News - Date: 27 January 2012

Written by: Linda van der Westhuizen / Viewed: 1274

 

A monument to commemorate the event that sparked the highly controversial "Breaker" Morant saga was recently unveiled.

Lieutenant  Harry “Breaker” Morant is a controversial figure and a legend  in Australia. He was in command of  the largely Australian Bushveldt  Carbineer regiment in the Anglo Boer War (1899-1902) at the time when the regiment murdered prisoners of war. The BVC activities and skirmishes took place in the Soutpansberg and the Letaba area. Lts Morant and Peter Hancock were found guilty of murder of 12 prisoners of war and executed before a firing squad in Pretoria on 27 February 1902. 

Morant was made famous with the release of the film Breaker Morant in 1980. About two years ago, Morant once again made headlines when Australia requested Brittain to review the case and pardon Morant and Hancock. In November 2010,  the royal pardon was officially rejected.

But what event sparked the killing spree of the BVC? The monument that was unveiled on the farm Duivelskloof on 10 December last year gives the answer in granite.

“In the early morning hours of 6 August 1901 the BVC  supported by warriors (about 300)  from nearby Modjadji, attacked the house of Cmdt Herklaas Viljoen, where members of the Letaba Commando overnighted… Reprisal attacks by the Bushveldt Carbineers led to some controversial incidents, eventually a court martial and the execution of Lieutenants “Breaker” Morant and Peter Hancock,” reads the inscription. 

On the BVC side, Captain  Percy Hunt and Sergeant Frank Eland died in the attack, now referred to as the “night attack”. On the Boer side, Veld Cornet Barend Viljoen, his brother J.J.Viljoen and G. Hartzenberg died.

Lt Morant blamed the Boer Commando for both the death and mutilation of the body of his friend, Capt Hunt. He swore that from then on they would  “take no more prisoners”. Floris Visser, wounded in the night attack, was the first of many victims to be killed.

The monument  is in honour of those who died during, or as a result of, the attack on the Viljoen homestead.

The monument was unveiled by Ms Annette van Rensburg, grand-niece of  Veld Cornet Barend Viljoen, together with Ms Margaret Barrett, granddaughter of Sgt Frank Eland. Despite the war, the two families have been friends for more than a century. This is the only monument on the Bushveldt Carbineer route to have an English as well as an Afrikaans inscription.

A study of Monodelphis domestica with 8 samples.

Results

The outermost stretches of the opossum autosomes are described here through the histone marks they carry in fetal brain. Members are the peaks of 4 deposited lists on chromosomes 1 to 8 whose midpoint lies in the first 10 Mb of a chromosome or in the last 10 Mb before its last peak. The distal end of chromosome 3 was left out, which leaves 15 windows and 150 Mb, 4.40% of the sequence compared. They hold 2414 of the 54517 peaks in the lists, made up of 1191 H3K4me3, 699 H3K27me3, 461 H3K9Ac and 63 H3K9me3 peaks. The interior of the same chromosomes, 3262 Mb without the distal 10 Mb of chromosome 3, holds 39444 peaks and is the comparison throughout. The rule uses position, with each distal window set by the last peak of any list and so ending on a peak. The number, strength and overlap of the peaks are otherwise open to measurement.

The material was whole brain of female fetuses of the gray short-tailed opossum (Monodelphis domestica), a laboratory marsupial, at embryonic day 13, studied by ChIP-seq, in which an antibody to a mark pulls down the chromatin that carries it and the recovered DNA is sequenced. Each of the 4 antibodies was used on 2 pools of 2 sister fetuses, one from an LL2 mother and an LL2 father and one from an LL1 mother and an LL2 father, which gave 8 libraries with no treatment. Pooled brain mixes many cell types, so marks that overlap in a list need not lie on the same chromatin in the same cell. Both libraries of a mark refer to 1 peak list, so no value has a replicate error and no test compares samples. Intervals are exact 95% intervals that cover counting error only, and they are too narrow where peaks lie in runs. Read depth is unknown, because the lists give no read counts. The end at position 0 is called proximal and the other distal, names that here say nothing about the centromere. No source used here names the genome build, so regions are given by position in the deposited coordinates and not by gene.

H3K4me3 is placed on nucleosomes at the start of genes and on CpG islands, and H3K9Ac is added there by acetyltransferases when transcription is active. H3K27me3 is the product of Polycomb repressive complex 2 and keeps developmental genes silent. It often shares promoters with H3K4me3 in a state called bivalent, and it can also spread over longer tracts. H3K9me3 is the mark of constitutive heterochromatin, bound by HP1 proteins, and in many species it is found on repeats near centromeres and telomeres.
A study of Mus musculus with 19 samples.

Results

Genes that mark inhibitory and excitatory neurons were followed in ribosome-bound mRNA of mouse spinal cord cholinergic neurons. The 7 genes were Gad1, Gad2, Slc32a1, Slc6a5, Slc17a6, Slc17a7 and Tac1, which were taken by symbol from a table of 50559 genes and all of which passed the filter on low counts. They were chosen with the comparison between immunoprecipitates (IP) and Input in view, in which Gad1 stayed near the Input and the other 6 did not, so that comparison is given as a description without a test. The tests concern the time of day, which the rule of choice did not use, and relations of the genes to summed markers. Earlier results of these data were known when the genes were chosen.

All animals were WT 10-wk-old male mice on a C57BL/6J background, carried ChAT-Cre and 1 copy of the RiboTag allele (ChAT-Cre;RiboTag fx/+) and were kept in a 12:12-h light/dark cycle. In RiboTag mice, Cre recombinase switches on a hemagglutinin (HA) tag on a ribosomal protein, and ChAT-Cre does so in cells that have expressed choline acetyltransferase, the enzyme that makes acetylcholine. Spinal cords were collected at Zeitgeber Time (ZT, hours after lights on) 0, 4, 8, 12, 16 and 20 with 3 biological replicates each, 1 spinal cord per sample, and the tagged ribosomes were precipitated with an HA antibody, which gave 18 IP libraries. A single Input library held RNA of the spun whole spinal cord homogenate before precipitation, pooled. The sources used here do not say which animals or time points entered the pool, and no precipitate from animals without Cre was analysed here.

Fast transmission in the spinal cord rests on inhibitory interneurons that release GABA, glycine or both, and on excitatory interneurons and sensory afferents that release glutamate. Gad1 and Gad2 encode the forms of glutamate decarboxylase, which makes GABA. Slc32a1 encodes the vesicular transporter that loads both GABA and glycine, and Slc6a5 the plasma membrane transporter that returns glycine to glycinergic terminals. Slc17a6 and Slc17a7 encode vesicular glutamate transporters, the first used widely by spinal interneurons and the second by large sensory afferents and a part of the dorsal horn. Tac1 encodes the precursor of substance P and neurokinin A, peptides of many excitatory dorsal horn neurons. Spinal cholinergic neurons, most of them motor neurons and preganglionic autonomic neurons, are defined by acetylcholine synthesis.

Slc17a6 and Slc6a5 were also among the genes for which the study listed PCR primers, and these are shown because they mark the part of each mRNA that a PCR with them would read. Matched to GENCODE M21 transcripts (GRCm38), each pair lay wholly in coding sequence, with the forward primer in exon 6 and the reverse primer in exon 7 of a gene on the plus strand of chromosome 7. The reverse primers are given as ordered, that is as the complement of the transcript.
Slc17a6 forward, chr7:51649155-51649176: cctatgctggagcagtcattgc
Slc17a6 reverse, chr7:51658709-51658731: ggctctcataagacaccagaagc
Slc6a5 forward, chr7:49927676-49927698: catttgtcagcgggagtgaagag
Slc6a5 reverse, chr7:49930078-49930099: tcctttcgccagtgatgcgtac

At the unveiling, the master of ceremonies, Prof Louis Changuion, sketched the background to the Bushveldt Carbineers. Mr Charles Leach of Louis Trichardt, assisted by Mr Hansie van Schalkwyk, whose grandfather was present on the verandah during the night attack, gave an overview of how the attack could have unfolded.

The clearing of invader bush surrounding the ruins of the once large Viljoen homestead on land belonging to Mr Piet van Niekerk  and the building of the monument were done by Mr Theo Dicke, his son Fritz, and a team of workers from their farm.

This is the second-last monument to be erected on the Bushveldt Carbineers Route.

“The last monument will be erected on Ballymore at the mass gravesite of the eight Burghers shot by the BVC on 23 August 1901. This monument will mark the completion of  the objective of providing future generations with granite information tablets detailing the events surrounding each specific site with relevance to the period of occupation of the Zoutpansberg/Spelonken and Letaba areas by the Bushveldt Carbineers. This event will hopefully take place later this year,” said Leach.

 

 
 

Linda van der Westhuizen

Linda van der Westhuizen has been with Zoutnet since 2001. She has a heart for God, people and their stories. Linda believes that every person is unique and has a special story to tell. It follows logically that human interest stories is her speciality. Linda finds working with people and their leaders in the economic, educational, spiritual and political arena very rewarding. “I have a special interest in what God is doing in our town, province and nation and what He wants us to become,” says Linda.